The graphical entry of passwords is initially an attempt to thwart keyloggers. When such things began to appear, keyloggers naturally evolved (the people who write keyloggers have not stopped developing them; they adapt to new conditions) and modern keyloggers are also mouseloggers which record, for each click, a partial snapshot of the screen (a small area surrounding the click point).
Another reason why some banks use graphical password entry methods is because they do not like Web browsers which remember passwords. This can be for legal technicalities: if the browser remembers the password, then the user is not entering it, and this may make it more difficult for the bank in case of some conflict between the bank and the user. But, in practice, as a security measure, the graphical password backfires: if the user cannot have his browser remember the password, he will use another storage medium, for instance a stick-up note.
A more compelling reason, for a bank, to implement a graphical reason is trust management. The banking system foundation is trust: a bank is an entity to which you give your money, on the belief that it will give it back to you whenever you want. But since the bank uses that money (to lend it to other people), it intrinsically relies on the idea that not all its customers will want their money back simultaneously (that would be a bank run). As long as all the customers share that idea, the bank lives. That's the reason why bank buildings are always impressive (in the 19th century, they were all full of stone pillars and iron and marble, with extremely "massive" architecture): this is a conscious display of stability and robustness, so that you think of the bank in those terms.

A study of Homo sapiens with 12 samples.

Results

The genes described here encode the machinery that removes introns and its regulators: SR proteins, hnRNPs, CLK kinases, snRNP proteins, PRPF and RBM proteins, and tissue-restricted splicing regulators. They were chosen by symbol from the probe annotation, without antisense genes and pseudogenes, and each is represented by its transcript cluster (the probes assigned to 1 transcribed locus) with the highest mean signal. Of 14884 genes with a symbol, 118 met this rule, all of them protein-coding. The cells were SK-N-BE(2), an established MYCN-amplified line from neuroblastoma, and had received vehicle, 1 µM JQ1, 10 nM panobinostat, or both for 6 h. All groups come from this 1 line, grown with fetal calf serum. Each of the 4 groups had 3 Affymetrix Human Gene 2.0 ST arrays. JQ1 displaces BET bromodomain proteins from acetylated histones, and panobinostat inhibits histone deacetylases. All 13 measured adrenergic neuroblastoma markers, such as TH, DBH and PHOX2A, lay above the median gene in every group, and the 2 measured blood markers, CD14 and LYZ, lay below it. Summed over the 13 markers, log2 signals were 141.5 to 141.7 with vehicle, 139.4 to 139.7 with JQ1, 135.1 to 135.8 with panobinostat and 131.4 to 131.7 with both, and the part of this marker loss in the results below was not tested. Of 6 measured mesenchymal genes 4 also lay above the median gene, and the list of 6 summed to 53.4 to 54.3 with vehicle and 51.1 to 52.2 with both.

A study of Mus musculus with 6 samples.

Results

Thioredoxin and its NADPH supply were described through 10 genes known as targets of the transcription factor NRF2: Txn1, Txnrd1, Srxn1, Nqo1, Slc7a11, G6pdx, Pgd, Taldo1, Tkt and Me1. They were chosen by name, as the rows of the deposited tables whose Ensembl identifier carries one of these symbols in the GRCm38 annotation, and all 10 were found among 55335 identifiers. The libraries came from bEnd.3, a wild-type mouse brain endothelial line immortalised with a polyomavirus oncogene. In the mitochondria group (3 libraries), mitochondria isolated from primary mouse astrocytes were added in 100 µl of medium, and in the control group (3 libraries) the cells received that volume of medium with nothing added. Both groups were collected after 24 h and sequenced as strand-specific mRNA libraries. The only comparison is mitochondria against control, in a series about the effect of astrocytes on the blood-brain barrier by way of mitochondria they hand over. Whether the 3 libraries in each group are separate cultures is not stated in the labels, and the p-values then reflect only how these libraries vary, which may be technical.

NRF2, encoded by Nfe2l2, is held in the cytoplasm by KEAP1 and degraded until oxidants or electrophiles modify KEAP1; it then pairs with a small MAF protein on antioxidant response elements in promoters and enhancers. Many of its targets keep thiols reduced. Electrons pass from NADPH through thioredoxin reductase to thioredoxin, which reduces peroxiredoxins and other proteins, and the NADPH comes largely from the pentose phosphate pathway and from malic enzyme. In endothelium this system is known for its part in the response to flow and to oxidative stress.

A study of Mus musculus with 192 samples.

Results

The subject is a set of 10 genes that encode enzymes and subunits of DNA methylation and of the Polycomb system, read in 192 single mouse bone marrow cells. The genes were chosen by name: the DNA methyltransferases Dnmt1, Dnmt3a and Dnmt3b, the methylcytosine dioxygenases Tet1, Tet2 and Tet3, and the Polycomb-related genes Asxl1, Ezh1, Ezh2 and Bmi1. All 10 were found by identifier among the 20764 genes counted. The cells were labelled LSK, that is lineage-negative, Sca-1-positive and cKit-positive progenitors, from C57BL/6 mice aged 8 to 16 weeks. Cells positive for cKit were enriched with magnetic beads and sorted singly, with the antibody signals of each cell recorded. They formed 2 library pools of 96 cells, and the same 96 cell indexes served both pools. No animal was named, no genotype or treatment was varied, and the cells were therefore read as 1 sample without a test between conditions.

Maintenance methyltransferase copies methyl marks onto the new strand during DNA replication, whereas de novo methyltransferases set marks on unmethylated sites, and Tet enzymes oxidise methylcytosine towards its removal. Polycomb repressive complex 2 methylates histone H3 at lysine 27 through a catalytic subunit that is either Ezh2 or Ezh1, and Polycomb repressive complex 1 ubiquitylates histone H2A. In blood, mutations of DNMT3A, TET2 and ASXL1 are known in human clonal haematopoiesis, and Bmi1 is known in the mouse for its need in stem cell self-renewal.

In the age of the Internet, the graphical password entry is a stone pillar: it establishes a firm psychological distance between the bank and the less serious sites. It would not look good if the online bank Web site was too similar to the site you use to order a pizza. When they log into their bank account, the customers must have a feeling that they enter a "high security" zone in which their safety is taken seriously. The "graphical password entry", like all things graphical, is a nice gimmick for that (humans are visual animals, they react strongly to what they see). The Web site of my bank does not have a graphical password entry, but it takes care to open a popup window with a picture of a padlock, for the same reasons.